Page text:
Thursday 18 April 2019

RTE won't reveal how much it earns from phone-ins and texts

Ryan Tubridy presents RTE's The Late Late Show
Ryan Tubridy presents RTE's The Late Late Show

Sean O'Grady

RTE has refused to reveal its earnings through phone voting on shows such as Dancing With The Stars, The Voice Of Ireland and The Late Late Show.

Viewers have to text or phone in their votes on Dancing With The Stars and the axed Voice Of Ireland, while The Late Late Show has phone-in competitions in which the audience is required to pay a small fee to be in with a chance of winning.

However, the broadcaster refused a request made under the Freedom of Information Act by the Herald, saying the cash made is "commercially sensitive" information.

A statement from the station said the reason was, according to the Act, due to a public body being allowed to withhold information "containing financial, commercial or other information, the disclosure of which could reasonably be expected to result in a material financial loss to the person to whom the information relates".

The station pointed out that its privately-owned competitors, such as TV3, are not required to release such information and if they were to do the same it could give the likes of Ballymount an unfair advantage.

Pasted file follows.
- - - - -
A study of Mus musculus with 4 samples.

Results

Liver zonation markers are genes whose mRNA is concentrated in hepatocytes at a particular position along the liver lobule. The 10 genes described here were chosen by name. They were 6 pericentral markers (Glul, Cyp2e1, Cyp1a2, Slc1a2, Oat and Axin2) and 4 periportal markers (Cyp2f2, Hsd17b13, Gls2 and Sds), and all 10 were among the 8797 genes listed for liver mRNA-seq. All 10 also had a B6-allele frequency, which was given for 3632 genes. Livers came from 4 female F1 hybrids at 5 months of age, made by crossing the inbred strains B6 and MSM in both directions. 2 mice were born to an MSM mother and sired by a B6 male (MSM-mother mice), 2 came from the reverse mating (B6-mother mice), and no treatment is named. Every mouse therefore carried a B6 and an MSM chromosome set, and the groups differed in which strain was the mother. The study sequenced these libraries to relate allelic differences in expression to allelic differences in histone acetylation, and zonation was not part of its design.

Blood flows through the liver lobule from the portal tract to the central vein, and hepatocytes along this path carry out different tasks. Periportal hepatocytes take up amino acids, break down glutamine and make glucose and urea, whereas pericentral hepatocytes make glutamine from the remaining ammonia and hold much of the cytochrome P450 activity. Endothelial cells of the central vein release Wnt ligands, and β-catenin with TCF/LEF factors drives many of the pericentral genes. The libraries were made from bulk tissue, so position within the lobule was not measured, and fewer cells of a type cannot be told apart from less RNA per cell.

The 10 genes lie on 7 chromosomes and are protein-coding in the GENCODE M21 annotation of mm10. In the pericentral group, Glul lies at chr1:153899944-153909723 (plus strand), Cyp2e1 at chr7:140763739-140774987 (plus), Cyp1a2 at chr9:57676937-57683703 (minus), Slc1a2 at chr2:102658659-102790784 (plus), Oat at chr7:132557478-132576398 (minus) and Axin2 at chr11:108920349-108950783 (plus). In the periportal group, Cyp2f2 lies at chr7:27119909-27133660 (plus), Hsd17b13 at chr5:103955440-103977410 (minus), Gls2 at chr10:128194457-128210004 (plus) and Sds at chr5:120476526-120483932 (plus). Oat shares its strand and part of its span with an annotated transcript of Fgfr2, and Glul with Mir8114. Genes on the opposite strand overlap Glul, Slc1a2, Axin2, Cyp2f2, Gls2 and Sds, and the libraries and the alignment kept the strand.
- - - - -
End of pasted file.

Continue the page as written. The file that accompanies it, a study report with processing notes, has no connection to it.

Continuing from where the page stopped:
"Their release would be unfair to RTE and would put RTE's competitors at an unfair commercial advantage vis-a-vis RTE," it said.

"This is because their release would allow RTE's competitors to use the information contained in the records to their advantage when entering into commercial negotiations in respect of similar services and programming."

The statement went on to say that under the Broadcasting Act 2009, RTE has a responsibility to "exploit commercial opportunities so as to reduce the net cost of providing its public service".

It also claimed that revealing the figures would be "commercially sensitive to the contractual agreements between RTE and the relevant third-party independent production companies and format distributors" who have worked on shows such as Dancing With The Stars and The Voice Of Ireland, both of which are produced by outside company Shinawil.

Dancing With The Stars and The Late Late Show are two of Montrose's most popular programmes, while The Voice Of Ireland also attracted a large audience during its five-series run.

The first episode of Dancing With The Stars had an average audience of 640,000 and maintained an audience of more than half a million throughout its run.

The Late Late Show also regularly draws 500,000 viewers on Friday nights, with special episodes like the Valentine's Day special reaching more than 600,000 and The Late Late Toy Show hitting well over one million viewers.